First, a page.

Adele Fisher: Party Games
The responsibility to be heard lie with our elected representative and ourselves, writes Adele Fisher.
With the upcoming Queensland state election I've been wondering: how do we change the collective mind of our government and where do our individual responsibilities lie?
I thought the best place to start was with a local candidate that was prepared to spend some time with me. Jo Briskey, the ALP candidate for Cleveland, was a wealth of information.
We talked through the elements of a grassroots campaign that brings the topics to the community for discussion and the role that our community leaders can play in supporting these discussions. We agreed that negative messages, often couched in fear and sensationalism, are the ones that are often heard by broader society, leaving little room for genuine dialogue. There is a need to engage mainstream society in the discussion and debate to have more heard than just the most sensational new's grabs.
She also believes it is important to be able to persuade people in our communities who may not have formed a clear opinion on these issues, or who may not even be aware of the true impact of ongoing discrimination. A critical mass of community demand is needed, and to gather community support a personal approach helps drive people to action. For example, she spoke about the very strong message used by Shelley Argent in her 2009 advertisement about her two sons, one who could marry and one who couldn't, and how that type of message stuck in the minds of many while personalising a message of inequality to which parents could easily relate.
I was also interested to see how Briskey personally selected and prioritised topics she would give voice to in government. While strong community demand is a logical driver, she believed it was equally important for the representative to step up and take on a strong leadership role, especially when the issues were not considered important by the general public. For example, civil rights for the LGBTI community is a clear example of where a representative needs to consider the overall societal impacts of ongoing discrimination and support for the removal of this inequality.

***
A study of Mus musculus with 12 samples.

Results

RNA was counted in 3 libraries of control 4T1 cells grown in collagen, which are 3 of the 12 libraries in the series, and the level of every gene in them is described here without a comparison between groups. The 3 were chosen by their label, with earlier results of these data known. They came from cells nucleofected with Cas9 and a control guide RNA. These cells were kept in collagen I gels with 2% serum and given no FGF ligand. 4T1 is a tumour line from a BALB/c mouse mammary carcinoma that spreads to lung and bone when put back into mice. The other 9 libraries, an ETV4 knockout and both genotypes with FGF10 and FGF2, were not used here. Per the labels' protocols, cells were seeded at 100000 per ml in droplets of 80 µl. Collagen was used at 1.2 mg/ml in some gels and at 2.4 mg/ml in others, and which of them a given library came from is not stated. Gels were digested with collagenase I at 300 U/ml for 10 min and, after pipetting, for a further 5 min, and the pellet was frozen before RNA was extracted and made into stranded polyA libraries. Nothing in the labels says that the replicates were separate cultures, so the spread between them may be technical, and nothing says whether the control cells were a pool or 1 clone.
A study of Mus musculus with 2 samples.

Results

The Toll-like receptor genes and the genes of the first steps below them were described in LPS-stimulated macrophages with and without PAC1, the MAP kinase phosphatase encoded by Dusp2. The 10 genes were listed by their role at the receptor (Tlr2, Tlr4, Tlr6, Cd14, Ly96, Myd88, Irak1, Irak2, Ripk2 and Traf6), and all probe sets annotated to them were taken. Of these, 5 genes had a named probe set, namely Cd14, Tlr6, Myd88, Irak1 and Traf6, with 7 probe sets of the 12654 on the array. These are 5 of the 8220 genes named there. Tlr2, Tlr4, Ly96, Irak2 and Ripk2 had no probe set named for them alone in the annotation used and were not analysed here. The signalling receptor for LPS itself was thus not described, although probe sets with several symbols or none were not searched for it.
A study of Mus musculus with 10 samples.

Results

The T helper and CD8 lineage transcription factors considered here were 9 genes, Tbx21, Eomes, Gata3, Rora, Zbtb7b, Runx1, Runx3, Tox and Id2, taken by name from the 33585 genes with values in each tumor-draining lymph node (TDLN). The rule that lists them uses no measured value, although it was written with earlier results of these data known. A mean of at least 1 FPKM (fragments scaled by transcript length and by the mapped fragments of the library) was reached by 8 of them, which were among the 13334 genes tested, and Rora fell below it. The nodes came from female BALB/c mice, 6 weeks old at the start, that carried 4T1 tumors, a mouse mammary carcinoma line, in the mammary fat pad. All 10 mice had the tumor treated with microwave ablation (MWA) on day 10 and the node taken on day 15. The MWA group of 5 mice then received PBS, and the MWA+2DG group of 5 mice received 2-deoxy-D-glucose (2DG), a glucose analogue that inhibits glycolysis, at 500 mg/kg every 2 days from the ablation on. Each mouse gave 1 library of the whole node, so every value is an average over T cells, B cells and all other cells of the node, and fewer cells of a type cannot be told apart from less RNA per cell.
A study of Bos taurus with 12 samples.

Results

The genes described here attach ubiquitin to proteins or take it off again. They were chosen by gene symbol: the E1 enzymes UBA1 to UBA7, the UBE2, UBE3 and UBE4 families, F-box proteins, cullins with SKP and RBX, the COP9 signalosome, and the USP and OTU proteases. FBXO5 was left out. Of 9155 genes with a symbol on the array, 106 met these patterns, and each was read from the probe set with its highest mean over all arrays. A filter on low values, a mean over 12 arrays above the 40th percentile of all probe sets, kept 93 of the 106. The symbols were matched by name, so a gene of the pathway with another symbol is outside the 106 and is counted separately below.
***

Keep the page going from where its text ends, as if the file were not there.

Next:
Her overall view is that the role of a state member is to find out what is important by listening to each side of the opposing views and beliefs and to seek a balance that leads to an outcome that is in the best interests of the community and as a whole breaks down discrimination.
Finally, I was curious to see if she had been contacted during her campaign to discuss current LGBTI issues; sadly the contact has been minimal, in fact nearly non-existent! Ultimately we are responsible for bringing these topics to our representative's attention, so be heard!
[Pictured] Adele Fisher (above) and below, ALP Candidate for Cleveland Jo Briskey.